Published in Field Reports

By Anna Kirey (1/30/2002 issue of the CACI Analyst)

The hunger strike involving 362 people all over Kyrgyzstan continues despite the fact that its main sources of inspiration, human rights activist Tursunbek Akunov and leader of Coalition of NGOs for democracy and civil society Tolekan Ismailova, quit the strike on its 15th day.  Their decision mainly came as an answer to a request by twenty-four NGOs to stop torturing themselves when this is unlikely to impact on government authorities.

Going on hunger-strike was the last resort of the desperate opposition after the arrest of deputy Azimbek Beknazarov who is accused of not instituting proceedings against an individual accused of homicide several years ago.

Published in Field Reports

By Irakly Areshidze (1/30/2002 issue of the CACI Analyst)

The decision regarding the presence of 350 Georgian troops in the Kodori Valley, the one part of Abkhazia still controlled by the authorities in Tbilisi, has the potential of turning into a serious crisis for Georgian President Eduard Shevadnadze.  The situation in Kodori has been tense ever since October of last year, when Georgia dispatched troops to the Valley to protect the local population, after Russian SU-25 aircraft bombed the area. Ostensibly, the presence of Georgian troops in Kodori is in violation of the May 1994 agreement signed in Moscow by the Georgian authorities and Abkhaz separatists which ended the armed conflict in the region.

Wednesday, 27 February 2002

KYRGYZSTAN RESTRICTS FREEDOM OF SPEECH

Published in Field Reports

By Aziz Soltobaev, American University in Kyrgyzstan (2/27/2002 issue of the CACI Analyst)

On January 14, vice Prime Minister Nikolay Tanaev signed a governmental decree that contradicts the most important democratic reforms in Kyrgyzstan during the last decade. The Government justifies the enactment of the decree “On some issues of publishing” through the need to combat the penetration of the ideology of extremist organizations, especially Hizb-ut-Tahrir, claiming that it directly follows from Kyrgyz Republic’s duties to the antiterrorist Coalition and to the international community of countering international terrorism.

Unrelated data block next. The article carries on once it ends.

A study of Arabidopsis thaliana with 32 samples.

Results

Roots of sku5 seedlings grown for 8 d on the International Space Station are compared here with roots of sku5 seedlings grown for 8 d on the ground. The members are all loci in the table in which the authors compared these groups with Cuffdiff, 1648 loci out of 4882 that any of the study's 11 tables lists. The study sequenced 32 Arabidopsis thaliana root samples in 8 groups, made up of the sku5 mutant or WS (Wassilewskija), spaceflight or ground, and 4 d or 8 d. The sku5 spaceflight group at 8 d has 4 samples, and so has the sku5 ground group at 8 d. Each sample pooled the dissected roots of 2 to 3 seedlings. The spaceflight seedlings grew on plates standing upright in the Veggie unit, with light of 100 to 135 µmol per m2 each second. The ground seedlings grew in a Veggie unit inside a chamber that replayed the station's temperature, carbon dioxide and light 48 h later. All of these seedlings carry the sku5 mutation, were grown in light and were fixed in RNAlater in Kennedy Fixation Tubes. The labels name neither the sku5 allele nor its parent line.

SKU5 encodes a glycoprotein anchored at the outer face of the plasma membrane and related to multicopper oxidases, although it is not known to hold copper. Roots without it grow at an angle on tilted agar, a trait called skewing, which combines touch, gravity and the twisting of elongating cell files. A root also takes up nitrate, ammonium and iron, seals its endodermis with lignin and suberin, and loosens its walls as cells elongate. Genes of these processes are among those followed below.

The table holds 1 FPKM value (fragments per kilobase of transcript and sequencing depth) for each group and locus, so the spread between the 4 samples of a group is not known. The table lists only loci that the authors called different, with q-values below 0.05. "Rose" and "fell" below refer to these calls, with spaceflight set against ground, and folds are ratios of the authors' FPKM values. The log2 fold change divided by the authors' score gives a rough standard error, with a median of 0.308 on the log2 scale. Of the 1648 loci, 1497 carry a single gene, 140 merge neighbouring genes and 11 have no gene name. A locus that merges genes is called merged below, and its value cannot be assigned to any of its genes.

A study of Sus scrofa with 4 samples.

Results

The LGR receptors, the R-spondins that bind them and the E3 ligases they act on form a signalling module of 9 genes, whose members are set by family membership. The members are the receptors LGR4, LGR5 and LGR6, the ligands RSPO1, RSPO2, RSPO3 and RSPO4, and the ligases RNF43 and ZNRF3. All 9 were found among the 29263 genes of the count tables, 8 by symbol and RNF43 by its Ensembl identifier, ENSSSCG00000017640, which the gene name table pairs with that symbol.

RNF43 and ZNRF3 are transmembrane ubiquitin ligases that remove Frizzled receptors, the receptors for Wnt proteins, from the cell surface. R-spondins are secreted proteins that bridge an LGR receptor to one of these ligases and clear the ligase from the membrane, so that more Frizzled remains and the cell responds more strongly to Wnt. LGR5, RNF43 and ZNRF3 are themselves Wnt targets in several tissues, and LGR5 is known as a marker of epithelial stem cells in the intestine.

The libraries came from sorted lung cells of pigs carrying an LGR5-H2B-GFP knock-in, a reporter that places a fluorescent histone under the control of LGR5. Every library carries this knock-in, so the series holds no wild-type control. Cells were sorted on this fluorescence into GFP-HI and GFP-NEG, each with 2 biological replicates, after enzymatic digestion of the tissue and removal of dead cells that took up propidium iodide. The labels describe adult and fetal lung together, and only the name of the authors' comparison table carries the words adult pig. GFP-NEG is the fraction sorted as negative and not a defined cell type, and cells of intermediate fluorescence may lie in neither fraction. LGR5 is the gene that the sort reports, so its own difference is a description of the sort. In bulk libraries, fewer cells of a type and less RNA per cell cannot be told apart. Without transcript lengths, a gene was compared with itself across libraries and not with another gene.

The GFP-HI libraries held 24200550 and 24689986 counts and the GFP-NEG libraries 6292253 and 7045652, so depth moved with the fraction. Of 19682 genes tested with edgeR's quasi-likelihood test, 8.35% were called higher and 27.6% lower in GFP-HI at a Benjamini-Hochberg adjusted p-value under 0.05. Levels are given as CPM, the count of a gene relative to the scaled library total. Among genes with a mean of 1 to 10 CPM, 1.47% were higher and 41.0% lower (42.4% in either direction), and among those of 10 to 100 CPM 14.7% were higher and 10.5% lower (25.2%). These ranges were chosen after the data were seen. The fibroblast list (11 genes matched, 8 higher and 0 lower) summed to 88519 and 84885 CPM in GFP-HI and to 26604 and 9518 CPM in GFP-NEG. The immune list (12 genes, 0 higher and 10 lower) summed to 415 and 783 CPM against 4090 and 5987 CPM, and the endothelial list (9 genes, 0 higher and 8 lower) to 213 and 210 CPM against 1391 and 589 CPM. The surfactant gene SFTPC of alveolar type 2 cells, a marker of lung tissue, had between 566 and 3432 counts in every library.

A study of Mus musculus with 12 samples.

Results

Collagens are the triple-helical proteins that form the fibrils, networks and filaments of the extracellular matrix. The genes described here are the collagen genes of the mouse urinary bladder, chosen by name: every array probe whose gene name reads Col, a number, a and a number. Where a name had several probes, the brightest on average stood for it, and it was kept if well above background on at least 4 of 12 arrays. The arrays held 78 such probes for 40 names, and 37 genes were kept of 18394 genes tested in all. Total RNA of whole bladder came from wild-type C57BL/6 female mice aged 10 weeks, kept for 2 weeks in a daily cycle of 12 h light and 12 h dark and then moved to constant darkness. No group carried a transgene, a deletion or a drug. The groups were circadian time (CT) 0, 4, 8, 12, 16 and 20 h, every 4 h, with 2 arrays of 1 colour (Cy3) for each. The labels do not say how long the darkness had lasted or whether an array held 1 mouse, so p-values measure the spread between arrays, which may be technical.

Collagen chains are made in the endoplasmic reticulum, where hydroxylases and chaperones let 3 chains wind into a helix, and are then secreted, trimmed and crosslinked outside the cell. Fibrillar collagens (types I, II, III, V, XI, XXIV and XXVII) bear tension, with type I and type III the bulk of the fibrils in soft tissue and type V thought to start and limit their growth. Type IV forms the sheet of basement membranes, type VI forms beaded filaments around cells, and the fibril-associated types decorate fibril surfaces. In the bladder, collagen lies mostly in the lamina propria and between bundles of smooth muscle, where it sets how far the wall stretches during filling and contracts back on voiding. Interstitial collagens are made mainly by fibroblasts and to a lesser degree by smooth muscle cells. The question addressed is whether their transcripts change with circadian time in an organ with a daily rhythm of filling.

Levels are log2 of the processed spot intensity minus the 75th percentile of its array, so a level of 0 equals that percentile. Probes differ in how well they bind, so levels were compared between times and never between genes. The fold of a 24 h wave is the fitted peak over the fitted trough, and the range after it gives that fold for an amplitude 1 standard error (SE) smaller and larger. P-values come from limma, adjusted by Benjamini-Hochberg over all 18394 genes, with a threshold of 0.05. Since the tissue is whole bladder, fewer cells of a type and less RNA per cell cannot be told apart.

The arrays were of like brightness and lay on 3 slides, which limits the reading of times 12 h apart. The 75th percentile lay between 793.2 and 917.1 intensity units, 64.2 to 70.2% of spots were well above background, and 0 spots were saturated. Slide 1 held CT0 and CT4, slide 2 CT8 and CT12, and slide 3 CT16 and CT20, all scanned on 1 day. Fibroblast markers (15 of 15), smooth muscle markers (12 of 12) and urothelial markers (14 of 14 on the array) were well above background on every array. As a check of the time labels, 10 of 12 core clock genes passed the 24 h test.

The Decree obliges the Interior affairs Ministry and the customs authorities to ensure strict control and registration of the import to the Kyrgyz Republic of typographical, polygraph, and of other printing equipment.

Published in Field Reports

By Gulnara Ismailova (2/27/2002 issue of the CACI Analyst)

At the beginning of the 1992, NATO officials actively used the changes in the political situation on the European continent to expand their influence in Central and Eastern Europe. Partnership for Peace (PfP) was taken as basis for that policy, and was approved in January 1994 during the winter session of the NATO Council. In May 1994, Azerbaijan signed the framework agreement on joining PfP.